VettaFi recently began a weekly series called This Week in ETFs. My colleague Heather Bell recaps ETF filings, closures, and launches. There’s a lot going on.
The (ROE ) was one of the funds that launched in the start of August. It had a cool ticker for a quality ETF, and minimal assets. But less than two weeks later, it crossed the key $50 million asset milestone. For many advisors and investors, an ETF has questionable viability until it passes that point. VettaFi spoke to John Davi, CEO and CIO of Astoria Advisors, to learn more.
Astoria Advisors offers ETF managed portfolios and serves as an outsourced CIO for many in the financial services industry. Davi was also a speaker at the Exchange conference in 2023. He joined me and a few other industry experts to provide ETF education and best practices. (Registration for Exchange 2024 is open.) Read our conversation below.
VettaFi: Why is now a good time to focus on the quality factor, and how does Astoria Portfolio Advisors screen for high-quality companies?
John Davi: We believe that quality should be the ballast of one’s portfolio. Historically, it has a high sharpe ratio amongst the well known factors. While growth and momentum may have better CAGRs, they historically suffer relatively higher drawdowns. 2022 was an excellent example of how extreme growth’s drawdown can be.
Similarly, 2023’s upswing for growth stocks has also caught everyone by surprise, and few were positioned for it. Quality historically has had a smoother risk-adjusted return compared to the well-known factors. Hence, in our view, we believe quality should be the ballast of your portfolio. Think of quality as king, like in the game of chess. If you lose your king in chess, the game is over. Our preference is to own quality stocks, which historically have had a smoother return experience for investors.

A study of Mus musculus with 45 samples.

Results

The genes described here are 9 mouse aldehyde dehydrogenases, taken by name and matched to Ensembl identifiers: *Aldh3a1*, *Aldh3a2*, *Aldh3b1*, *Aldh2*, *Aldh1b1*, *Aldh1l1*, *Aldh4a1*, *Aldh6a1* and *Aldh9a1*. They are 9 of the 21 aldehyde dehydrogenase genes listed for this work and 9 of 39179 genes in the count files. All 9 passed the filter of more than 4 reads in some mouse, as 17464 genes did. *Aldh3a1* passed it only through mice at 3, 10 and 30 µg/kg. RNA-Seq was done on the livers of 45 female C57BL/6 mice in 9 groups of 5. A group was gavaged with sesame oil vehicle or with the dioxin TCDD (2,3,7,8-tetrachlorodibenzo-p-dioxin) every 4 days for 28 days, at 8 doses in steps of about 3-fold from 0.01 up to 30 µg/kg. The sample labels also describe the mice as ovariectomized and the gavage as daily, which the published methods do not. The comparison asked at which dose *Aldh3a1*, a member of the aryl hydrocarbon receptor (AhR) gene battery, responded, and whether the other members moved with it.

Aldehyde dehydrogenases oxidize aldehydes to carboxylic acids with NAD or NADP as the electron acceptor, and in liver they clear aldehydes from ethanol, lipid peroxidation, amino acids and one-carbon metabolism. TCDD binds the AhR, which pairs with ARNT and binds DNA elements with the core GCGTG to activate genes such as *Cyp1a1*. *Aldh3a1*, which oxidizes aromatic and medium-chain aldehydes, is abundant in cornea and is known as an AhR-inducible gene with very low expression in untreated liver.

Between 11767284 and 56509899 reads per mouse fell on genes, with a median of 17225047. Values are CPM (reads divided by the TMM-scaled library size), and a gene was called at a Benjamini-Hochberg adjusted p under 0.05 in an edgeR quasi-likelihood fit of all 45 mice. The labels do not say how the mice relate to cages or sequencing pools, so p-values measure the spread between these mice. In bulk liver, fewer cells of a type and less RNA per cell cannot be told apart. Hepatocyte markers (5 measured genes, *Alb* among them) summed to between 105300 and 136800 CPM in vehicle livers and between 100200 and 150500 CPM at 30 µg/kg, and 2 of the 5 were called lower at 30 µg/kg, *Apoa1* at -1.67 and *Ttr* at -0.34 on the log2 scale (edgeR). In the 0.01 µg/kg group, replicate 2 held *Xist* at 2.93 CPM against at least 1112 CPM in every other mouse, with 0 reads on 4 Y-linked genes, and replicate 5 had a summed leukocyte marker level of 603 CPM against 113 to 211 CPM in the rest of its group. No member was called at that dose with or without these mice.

Astoria screens for quality by looking at a company’s return on equity (ROE) and return on assets (ROA). Hence the ticker: ROE.
VettaFi: While the ETF is relatively new, can you share how this approach has been used by you and the team in the past?
John Davi: I started my career in quantitative derivatives research and built portfolios on behalf of institutional clients of Merrill Lynch. Since Astoria’s founding in 2017, we have been constructing quality portfolios using the same methodology we apply to ROE. We would note that our SMA high quality and other U.S. stock portfolios also apply an equal-weighted approach.
VettaFi: One of the unique traits of your ETF is the equal-weighted approach. Why is this an important distinction?
John Davi: The S&P 500 currently has the highest concentration of stock-specific and sector risk in 30-40 years. Technology stocks (Apple, Microsoft, Nvidia) make up over 26% of the S&P 500, while consumer discretionary and communication services combined (Amazon, Alphabet, Tesla, Meta) make up an additional 19%.
Most of the smart beta ETFs that are out there are optimized against the S&P 500, so they tend to carry similar concentration risk. We liken this period to the late 1990s when the internet bubble constituted a large percentage of stocks in the S&P 500. After this bubble burst, factor investing became prominent, with large-scale firms entering the space.
VettaFi: What are some examples of ROE’s holdings? Can you touch on a few in different sectors?
John Davi: We own a lot of the stocks in the S&P 500, such as Netflix, United Healthcare, Apple, Nvidia, Microsoft, Amgen, and Home Depot. We equal-weight them, so they are generally 1% of our ETF instead of their market-cap-weighted exposure in the S&P 500.
It’s important to note that we are optimizing ROE’s sector exposures to the US large-cap universe. In other words, we aren’t making any sector bets. Hence, the term sector optimization. So if Technology is 28% of the US large-cap universe, we will have 28% as well.
However, rather than three stocks making up more than 16% of the 28% tech sector weight, ROE will include 28 different high-quality technology companies, each weighted at 1%.